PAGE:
Mental Health Is Public Health
Why we need to reconsider our approach to well-being.
Posted Oct 10, 2019
This piece was originally published on Thriveglobal.com.
The burden of poor mental health is all around us. In the U.S., one in five adults experienced mental illness in 2018 — nearly 48 million people. About 18 million people experienced a major depressive episode. In 2017, over 47,000 Americans died by suicide. Clearly, mental illness is not just a challenge for individuals, but for populations. Yet we tend to think of mental health as a personal matter, something to be faced alone or with a therapist, rather than as a matter of public health. This needs to change. Public health seeks to improve health by improving the conditions in our society that shape it. This World Mental Health Day, it is time we apply a public health approach to mental health.
Our health is a product of the context in which we live. Whether or not we can be healthy depends on the air we breathe, the water we drink, the quality of our neighborhoods, our education and family income, the prejudice we face or do not face, and countless other factors that have little to do with doctors and medicines. Income and race, for example, are linked to asthma risk; income and geography are tied to life expectancy. The influence of these conditions is not limited to our physical well-being — it also shapes our mental health. For example, income inequality has been linked with higher risk of depression, and laws that allow discrimination based on LGBT status can cause mental distress among sexual minority adults.
As a society, we do not often talk about the link between our mental health and these conditions, yet most of us understand it intuitively, an understanding reflected in our art. Perhaps the quintessential example of this is blues music — a uniquely American art form chronicling the psychological effects of racism, poverty, and other large-scale social forces. The phrase itself, “the blues,” has a double meaning, as both a style of music and as the sadness emerging from the socioeconomic hardships black Americans have historically faced. Songs like “Hard Time Killing Floor Blues,” by Skip James, and “Nobody Knows You When You’re Down and Out,” by Jimmy Cox capture how economic distress and social isolation can undermine our sense of ease. Such songs speak to how seemingly impersonal political, economic, and historical forces can influence mental health at an intimate, individual level. They also identify how marginalization — the feeling of being dismissed, of having nobody on one’s side — can contribute to poor mental health.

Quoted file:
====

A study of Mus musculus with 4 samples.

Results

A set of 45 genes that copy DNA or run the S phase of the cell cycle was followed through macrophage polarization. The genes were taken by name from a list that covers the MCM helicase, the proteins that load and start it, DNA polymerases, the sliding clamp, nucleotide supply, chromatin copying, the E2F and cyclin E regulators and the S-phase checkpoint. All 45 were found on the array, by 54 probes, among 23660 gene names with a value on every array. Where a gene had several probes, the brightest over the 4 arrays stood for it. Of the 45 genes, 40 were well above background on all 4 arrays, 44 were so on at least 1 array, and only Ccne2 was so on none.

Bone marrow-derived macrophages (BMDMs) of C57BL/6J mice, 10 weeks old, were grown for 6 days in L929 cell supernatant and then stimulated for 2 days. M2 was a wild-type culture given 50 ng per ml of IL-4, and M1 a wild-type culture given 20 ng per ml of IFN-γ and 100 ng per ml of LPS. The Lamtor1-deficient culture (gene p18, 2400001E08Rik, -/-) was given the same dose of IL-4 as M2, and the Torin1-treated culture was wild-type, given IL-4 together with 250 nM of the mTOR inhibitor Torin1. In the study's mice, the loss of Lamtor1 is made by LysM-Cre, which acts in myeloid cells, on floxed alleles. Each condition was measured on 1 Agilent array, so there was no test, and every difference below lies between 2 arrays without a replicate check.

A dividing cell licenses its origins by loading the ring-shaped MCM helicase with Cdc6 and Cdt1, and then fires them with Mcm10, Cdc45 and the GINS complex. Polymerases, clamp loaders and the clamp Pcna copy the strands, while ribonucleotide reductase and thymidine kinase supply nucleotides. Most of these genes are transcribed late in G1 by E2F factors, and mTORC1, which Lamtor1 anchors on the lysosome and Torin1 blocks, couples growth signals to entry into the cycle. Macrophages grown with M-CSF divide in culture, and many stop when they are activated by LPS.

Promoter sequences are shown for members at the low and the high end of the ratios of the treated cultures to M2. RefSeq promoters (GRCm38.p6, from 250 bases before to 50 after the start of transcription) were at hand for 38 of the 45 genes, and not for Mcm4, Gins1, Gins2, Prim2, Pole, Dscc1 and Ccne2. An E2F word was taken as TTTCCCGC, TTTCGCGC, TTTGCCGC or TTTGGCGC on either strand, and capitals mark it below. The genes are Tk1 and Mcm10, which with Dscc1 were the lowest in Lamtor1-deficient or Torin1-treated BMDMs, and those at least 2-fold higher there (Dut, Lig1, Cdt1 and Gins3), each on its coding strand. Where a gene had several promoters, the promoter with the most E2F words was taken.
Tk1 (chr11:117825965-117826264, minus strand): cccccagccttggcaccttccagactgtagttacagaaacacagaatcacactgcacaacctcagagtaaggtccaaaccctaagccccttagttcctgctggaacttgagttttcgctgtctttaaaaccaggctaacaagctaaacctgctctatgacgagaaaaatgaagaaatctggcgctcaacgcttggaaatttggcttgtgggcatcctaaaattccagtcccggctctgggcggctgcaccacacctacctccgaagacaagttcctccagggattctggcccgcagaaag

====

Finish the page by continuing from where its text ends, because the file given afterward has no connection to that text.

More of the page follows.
When we think of psychological health, we often think of providing counseling or medicine to those who need it. These services are important, but they must be part of a broader effort to prevent mental illness from taking hold to begin with. Such an effort requires us to create a context where mental health can thrive — locally, nationally, globally. This means engaging with the foundational forces that shape mental health, the same forces the early blues artists sang about. Fixing the structures that generate income inequality, then, is critical if we are to improve mental health. Strengthening community networks, investing in social capital, creating spaces where people can come together for recreation and mutual support — these, too, are necessary steps.
And we must address another key threat to mental health: hate. In particular, we must address the hate that fuels racism and xenophobia. We know, for example, that the experience of discrimination has been linked to anxiety and depression. We also know that fear of deportation, and the stress brought on by immigration raids, can undermine mental health. While we cannot rid the world of hate completely, we can refuse to tolerate people in positions of power promoting hate and targeting vulnerable groups with policies designed to punish “the other” — whether “the other” is defined as immigrants, persons of color, low income populations, or the LGBT community.
When we marginalize groups, when we accept conditions that disconnect people from the social and material resources necessary for health, we lay the groundwork for mental illness. Those who have struggled with mental illness know how easy it can be to feel like it is a normal part of life, rather than something that comes from a broken status quo we have the power to fix. The truth is, by applying a public health approach to mental illness, linking the struggle of individuals to the challenges faced by populations, we can create a world that generates health for both our bodies and our minds.